Desmond-backed Rietumu’s auditors highlight risks amid Latvian clampdown
Auditors focus on bank’s provision against €80 million French court fine last year
Dermot Desmond owns a 33% stake in Rietumu Banka. Photograph: Dara Mac Dónaill
External auditors of the Dermot Desmond-backed Rietumu Banka in Latvia have highlighted that “material uncertainty” following a regulatory clampdown on the country’s financial sector, prompting the bank to rework its strategy, “may cast significant doubt” about its ability to remain a going concern.
While Latvia’s biggest private bank filed its annual report early last month, its auditors at KPMG had delayed the filing of their opinion and report until this week as they assessed the impact of a series of negative developments in the Latvian banking sector this year.
Rietumu, in which Mr Desmond owns a 33 per cent stake, said in the annual report that it has decided to terminate its relationship with 4,000 “high risk” customers – representing two-thirds of its foreign corporate customers.
It follows from Latvia’s Finance Sector Development Council agreeing to ban co-operation between banks and shell companies that have no economic activities, and the country’s financial regulator pressing Rietumu to prepare a new strategy and long-term business plan that slashes its exposure to non-resident customers.
Authorities in Latvia have been seeking to tighten supervision of the sector after the Baltic state’s third-largest lender, ABLV Bank, was put into liquidation in February as the US accused it of using “institutionalised money laundering as a pillar of the bank’s business”.
Also that month, the country’s central bank governor, Ilmars Rimsevics, was detained for 48 hours by anti-corruption authorities over bribery allegations that he denies.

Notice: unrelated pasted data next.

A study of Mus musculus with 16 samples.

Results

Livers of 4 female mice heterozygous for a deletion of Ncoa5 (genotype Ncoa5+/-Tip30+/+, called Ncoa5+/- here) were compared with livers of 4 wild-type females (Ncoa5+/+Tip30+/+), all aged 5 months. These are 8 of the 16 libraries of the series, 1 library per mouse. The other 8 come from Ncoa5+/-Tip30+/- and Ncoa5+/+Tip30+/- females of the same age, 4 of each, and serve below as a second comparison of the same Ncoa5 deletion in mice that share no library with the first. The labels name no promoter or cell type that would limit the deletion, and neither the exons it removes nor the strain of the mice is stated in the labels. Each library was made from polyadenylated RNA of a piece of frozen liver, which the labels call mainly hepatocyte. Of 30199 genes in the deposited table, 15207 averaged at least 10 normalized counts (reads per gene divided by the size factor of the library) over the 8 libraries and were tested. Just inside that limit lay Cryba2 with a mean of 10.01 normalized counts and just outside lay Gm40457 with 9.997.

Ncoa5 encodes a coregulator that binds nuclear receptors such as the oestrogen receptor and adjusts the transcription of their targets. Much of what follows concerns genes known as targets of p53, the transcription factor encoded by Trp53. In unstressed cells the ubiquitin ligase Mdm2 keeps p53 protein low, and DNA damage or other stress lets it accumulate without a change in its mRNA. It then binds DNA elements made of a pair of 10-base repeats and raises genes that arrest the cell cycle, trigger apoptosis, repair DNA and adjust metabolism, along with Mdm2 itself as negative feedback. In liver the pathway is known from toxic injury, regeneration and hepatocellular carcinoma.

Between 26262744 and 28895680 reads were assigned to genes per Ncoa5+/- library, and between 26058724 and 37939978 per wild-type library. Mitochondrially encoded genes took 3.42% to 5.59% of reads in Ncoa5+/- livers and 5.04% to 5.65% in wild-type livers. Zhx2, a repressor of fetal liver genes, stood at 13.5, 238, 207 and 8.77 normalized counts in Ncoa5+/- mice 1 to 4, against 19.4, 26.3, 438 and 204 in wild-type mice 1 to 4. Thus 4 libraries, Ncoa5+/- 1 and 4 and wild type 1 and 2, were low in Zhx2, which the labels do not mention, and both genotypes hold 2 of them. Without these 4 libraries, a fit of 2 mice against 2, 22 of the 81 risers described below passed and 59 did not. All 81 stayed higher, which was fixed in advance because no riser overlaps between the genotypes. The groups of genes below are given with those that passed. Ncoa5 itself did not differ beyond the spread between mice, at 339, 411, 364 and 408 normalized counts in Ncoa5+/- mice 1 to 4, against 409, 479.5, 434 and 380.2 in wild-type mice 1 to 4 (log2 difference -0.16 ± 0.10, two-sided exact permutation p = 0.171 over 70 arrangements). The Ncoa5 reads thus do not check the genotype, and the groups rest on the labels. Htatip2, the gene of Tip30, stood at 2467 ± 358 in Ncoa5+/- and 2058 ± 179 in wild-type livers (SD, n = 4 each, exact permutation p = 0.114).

Rietumu said that it expects to complete preparation of its new strategy by June.
“Given that details of the building blocks of the new strategy are not available as at the date of these financial statements, due to the fact that the details of the changes in Latvian legislation are not yet published and adopted into law, there is a material uncertainty . . . that may cast significant doubt on the bank’s and the group’s ability to continue as a going concern,” according to the annual report. This point has been highlighted in the subsequent auditors’ report.
Meanwhile, KPMG also noted how it focused during the audit on Rietumu’s decision to only set aside a provision of €20 million against an €80 million French court fine last year after the bank was “found guilty of aggravated money laundering by providing assistance to placement, concealment or conversion operations of the proceeds of an offence”.
The judgment is under appeal and the provision represents the bank’s “best estimate” of the ultimate cost of the case, as management “is of the position that the enforcement of any final decision” by the French court will require recognition by a Latvian court, according to the annual report.